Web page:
BANDA ACEH, Indonesia -- Rebels in the tsunami-ravaged province of Aceh accused the government of abandoning an informal cease-fire after the military said yesterday that it had killed scores of suspected guerrillas to protect aid deliveries.
The rebels disputed the military's claim of killing 120 of their fighters in the past two weeks, saying only 20 of its fighters had died in skirmishes. The rebels said 100 others killed were unarmed civilians.
The renewed hostilities in the nearly three-decade separatist conflict called into question the security of efforts to aid survivors of the Dec. 26 tsunami. Tallies of the dead from the disaster have varied widely, from about 158,000 to 221,000 in 11 nations.
With as many as a million survivors in need of food and shelter, humanitarian groups said a US military decision to begin pulling back from relief operations could disrupt the flow of aid.
"My gut feeling is that no, the civilian side isn't ready to take over," said Aine Fay, Indonesia director for the Irish aid group Concern. "The American military, the military hardware, has been so useful."
"I'm a bit taken aback that they're thinking of withdrawing it already," she said.
More than 11,000 US troops and 16 Navy ships are providing relief support, according to the Pentagon. Since the operation began Jan. 1, they have delivered more than 8,600 tons of relief supplies to the affected region.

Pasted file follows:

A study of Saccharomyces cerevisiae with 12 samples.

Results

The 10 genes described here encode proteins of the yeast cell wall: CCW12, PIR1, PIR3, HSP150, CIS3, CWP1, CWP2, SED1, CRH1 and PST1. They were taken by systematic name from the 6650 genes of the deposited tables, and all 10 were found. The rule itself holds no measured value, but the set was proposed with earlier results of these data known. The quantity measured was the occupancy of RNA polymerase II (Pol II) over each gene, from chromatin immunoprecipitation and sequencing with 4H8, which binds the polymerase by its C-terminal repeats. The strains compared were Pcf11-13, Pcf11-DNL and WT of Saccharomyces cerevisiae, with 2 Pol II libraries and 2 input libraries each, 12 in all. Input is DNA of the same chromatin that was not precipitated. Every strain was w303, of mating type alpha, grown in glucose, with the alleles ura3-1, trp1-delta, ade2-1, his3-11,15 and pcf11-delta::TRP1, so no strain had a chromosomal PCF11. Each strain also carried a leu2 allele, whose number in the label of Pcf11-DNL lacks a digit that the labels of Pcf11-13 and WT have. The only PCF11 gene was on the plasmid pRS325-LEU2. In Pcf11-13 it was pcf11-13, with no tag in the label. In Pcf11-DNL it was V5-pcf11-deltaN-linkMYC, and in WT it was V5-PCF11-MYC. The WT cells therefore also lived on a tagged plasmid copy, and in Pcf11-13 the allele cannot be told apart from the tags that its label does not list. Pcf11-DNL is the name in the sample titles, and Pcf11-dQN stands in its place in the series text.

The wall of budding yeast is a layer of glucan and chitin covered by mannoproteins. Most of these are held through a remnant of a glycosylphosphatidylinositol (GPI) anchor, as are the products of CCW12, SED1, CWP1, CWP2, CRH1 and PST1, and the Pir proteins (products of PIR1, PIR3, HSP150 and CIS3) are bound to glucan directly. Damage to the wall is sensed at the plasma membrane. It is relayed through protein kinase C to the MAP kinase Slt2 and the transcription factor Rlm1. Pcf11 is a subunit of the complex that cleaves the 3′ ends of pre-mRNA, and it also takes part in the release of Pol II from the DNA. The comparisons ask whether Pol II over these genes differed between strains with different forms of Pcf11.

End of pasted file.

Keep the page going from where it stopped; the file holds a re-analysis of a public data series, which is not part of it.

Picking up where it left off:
Indonesians living in aid camps were also worried about the withdrawal of American forces, whose helicopters have become the backbone of the relief effort. "I want them to stay here 100 percent. If they leave, there'll be no more food," said Mohamad Amin, a 50-year-old fisherman whose house was swept away by the waves.
He is staying with 950 others in a filthy encampment in Aceh's provincial capital, Banda Aceh. He spoke yesterday as he idled with several men under a canopy of the Al-Faizil mosque, whose unpainted facade was plastered with pictures of the missing.
Amin said the financially strapped Indonesian government would not be able to cope with reconstruction. He said the Americans and other foreign volunteers should leave only when large numbers of refugees have been moved to permanent settlements and given new jobs.
An Indonesian military chief, General Endriartono Sutarto, said his troops had been forced to kill the suspected rebels because they were interfering with relief efforts.
"We cannot allow that to happen," he said. "We have to be able to guarantee that aid workers -- foreigners and Indonesians -- are safe to do their work."
Relief agencies have not reported any disruption to aid work by rebels. They have agreed to Indonesian requirements to register and travel with military escorts.
In Sri Lanka, a Norwegian delegation arrived to try to further peace talks between the government and Tamil Tiger rebels. A fragile cease-fire has been strained since the tsunami killed more than 30,000 Sri Lankans, with each side saying the other is obstructing aid deliveries.